Remember a little while back when I recommended that you let your family and friends know you’re a mad keen collector of porcelain cats?  Or 1970s pottery?  Or doilies?  Or whatever it might be?  Well I am back with further proof that it’s the best course of action in the form of a stack of vintage patterns I received from my mother-in-law the other day.  There I was, walking down the hall after sorting out a television issue when I spotted an interesting pile of paper that caused my vintage knitting pattern radar to go off.

“My vintage knitting pattern radar just went off,” I said to the aforementioned mother-in-law.  I always find it’s best to utter your inner thoughts aloud if you want other people to be aware of them.

“Oh yes, they’re for you,” she said.

A hearty stack of old patterns for me!  Could I have been more excited?  Only if someone had come along and said they would pay me a generous annual salary to collect vintage patterns and knit from them and given that this didn’t happen (and is unlikely to, alas) we can assume I’d reached the peak levels of excitement for the given situation.

Said levels were pretty high, though, because have a look at what I was given:

As incredible as this bundle of vintage patterns may be, there was something amazing waiting to be discovered in the middle of it all.  A couple of weeks ago, I found a glorious book of 1940s fair isle patterns on Etsy and added it to my favourites so I could agonise over it whenever I had a spare moment or two.  Could I really justify spending $22 plus postage on it?  Really?  Did it contain $22 worth of awesomeness within its pages?

In the end, I said no to the temptation.  $10 is the most I’m prepared to pay for a vintage pattern book and even then, I’d be thinking twice about it.  So imagine my delight as I flipped through this bounty of patterns and caught a glimpse of a gold coloured cover with ‘Fair Isles’ written on it.  It couldn’t be… could it?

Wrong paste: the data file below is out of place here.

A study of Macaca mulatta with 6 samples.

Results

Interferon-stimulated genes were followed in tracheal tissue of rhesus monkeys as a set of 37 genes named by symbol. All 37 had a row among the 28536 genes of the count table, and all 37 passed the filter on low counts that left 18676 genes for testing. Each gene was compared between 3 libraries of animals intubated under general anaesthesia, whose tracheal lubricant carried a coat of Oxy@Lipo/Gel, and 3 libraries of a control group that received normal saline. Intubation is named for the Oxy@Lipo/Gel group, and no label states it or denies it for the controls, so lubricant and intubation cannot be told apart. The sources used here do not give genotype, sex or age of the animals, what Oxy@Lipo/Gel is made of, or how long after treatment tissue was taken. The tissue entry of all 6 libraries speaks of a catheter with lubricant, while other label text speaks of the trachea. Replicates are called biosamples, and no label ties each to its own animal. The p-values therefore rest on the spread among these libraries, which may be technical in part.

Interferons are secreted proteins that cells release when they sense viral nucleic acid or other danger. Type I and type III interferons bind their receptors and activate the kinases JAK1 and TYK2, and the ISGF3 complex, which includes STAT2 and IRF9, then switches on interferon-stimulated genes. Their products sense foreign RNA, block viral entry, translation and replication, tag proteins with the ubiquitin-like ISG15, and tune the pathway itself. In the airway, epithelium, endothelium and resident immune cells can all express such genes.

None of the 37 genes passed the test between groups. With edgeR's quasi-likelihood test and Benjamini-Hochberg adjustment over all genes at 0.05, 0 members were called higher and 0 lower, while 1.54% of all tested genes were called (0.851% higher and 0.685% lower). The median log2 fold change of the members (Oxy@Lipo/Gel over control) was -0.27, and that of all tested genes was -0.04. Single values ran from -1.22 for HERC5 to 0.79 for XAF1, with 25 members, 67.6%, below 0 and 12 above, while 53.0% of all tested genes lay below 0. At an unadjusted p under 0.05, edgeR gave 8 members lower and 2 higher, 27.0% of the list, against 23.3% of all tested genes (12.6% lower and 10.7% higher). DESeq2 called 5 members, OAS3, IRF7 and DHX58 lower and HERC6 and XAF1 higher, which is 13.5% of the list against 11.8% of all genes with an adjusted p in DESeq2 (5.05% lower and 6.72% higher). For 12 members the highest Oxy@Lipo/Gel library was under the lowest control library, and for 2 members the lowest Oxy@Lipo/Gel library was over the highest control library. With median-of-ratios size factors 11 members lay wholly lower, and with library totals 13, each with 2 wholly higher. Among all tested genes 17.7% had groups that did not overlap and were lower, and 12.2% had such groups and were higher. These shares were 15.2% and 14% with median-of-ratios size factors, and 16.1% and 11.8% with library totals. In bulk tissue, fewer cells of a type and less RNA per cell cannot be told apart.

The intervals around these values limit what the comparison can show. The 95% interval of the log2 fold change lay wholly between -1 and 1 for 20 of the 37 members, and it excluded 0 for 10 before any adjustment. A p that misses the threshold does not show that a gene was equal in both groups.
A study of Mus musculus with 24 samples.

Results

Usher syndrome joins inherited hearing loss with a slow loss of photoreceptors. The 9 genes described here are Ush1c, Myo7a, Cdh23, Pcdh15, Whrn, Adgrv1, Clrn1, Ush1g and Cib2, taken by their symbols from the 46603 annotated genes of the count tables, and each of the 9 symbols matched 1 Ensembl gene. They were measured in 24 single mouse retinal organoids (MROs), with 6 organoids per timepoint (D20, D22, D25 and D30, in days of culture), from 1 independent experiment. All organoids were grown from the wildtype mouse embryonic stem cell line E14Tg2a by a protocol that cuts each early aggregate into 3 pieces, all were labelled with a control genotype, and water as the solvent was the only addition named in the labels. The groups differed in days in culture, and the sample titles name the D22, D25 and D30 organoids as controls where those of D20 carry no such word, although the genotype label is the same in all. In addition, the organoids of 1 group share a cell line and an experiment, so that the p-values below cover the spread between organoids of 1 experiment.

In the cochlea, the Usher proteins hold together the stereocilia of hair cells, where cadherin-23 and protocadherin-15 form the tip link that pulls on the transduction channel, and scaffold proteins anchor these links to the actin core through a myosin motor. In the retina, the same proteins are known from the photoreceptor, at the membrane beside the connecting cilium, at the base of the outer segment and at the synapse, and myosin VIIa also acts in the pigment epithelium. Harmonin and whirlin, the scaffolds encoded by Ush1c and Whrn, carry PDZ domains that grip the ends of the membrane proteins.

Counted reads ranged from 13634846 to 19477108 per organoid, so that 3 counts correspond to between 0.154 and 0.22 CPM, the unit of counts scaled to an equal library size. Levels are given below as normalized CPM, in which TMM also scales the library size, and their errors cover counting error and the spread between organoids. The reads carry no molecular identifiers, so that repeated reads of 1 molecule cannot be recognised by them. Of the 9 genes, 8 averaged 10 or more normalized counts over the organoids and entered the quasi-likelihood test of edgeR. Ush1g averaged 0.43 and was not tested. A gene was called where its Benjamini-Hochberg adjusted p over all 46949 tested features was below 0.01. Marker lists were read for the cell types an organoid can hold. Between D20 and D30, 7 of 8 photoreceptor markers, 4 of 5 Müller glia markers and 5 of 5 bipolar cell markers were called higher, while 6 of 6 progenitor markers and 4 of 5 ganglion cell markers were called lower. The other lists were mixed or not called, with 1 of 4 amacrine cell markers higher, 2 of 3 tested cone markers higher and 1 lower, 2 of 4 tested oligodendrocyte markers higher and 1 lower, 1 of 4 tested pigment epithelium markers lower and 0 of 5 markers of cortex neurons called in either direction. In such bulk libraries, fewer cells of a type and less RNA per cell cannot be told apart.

It could be and it was.  The very book I’d almost bought for $22 plus postage was sitting right there, being freely given to me.  I may have stroked it gently and held it close.  I may have squeed.  I may have mentioned it was now my precious and no others may touch.  Moments of serendipity like this happen rarely in the vintage pattern search, and when they do, the wonderful warm glow lasts a long time.

Later, when I was invited to take home some wool to go with all of these patterns, I found a little scrunched up book at the bottom of a bag.  It turned out to be another fair isle book of a similar age with hand-written notations on one of the patterns.  I absolutely love it when I find notations as it obviously means the garment was created and worn and enjoyed.  And in this case, I know it was created by the Chef’s grandmother, which makes it even more special.

When you collect old things, you learn to be good at waiting and you cultivate the knack of patience.  You also learn to look absolutely everywhere and to investigate any scrunched-up bits of paper.  And sometimes, your patience rewards you with an armful of amazingness, thanks to your generous family and friends.

I hope it happens to all of you, too.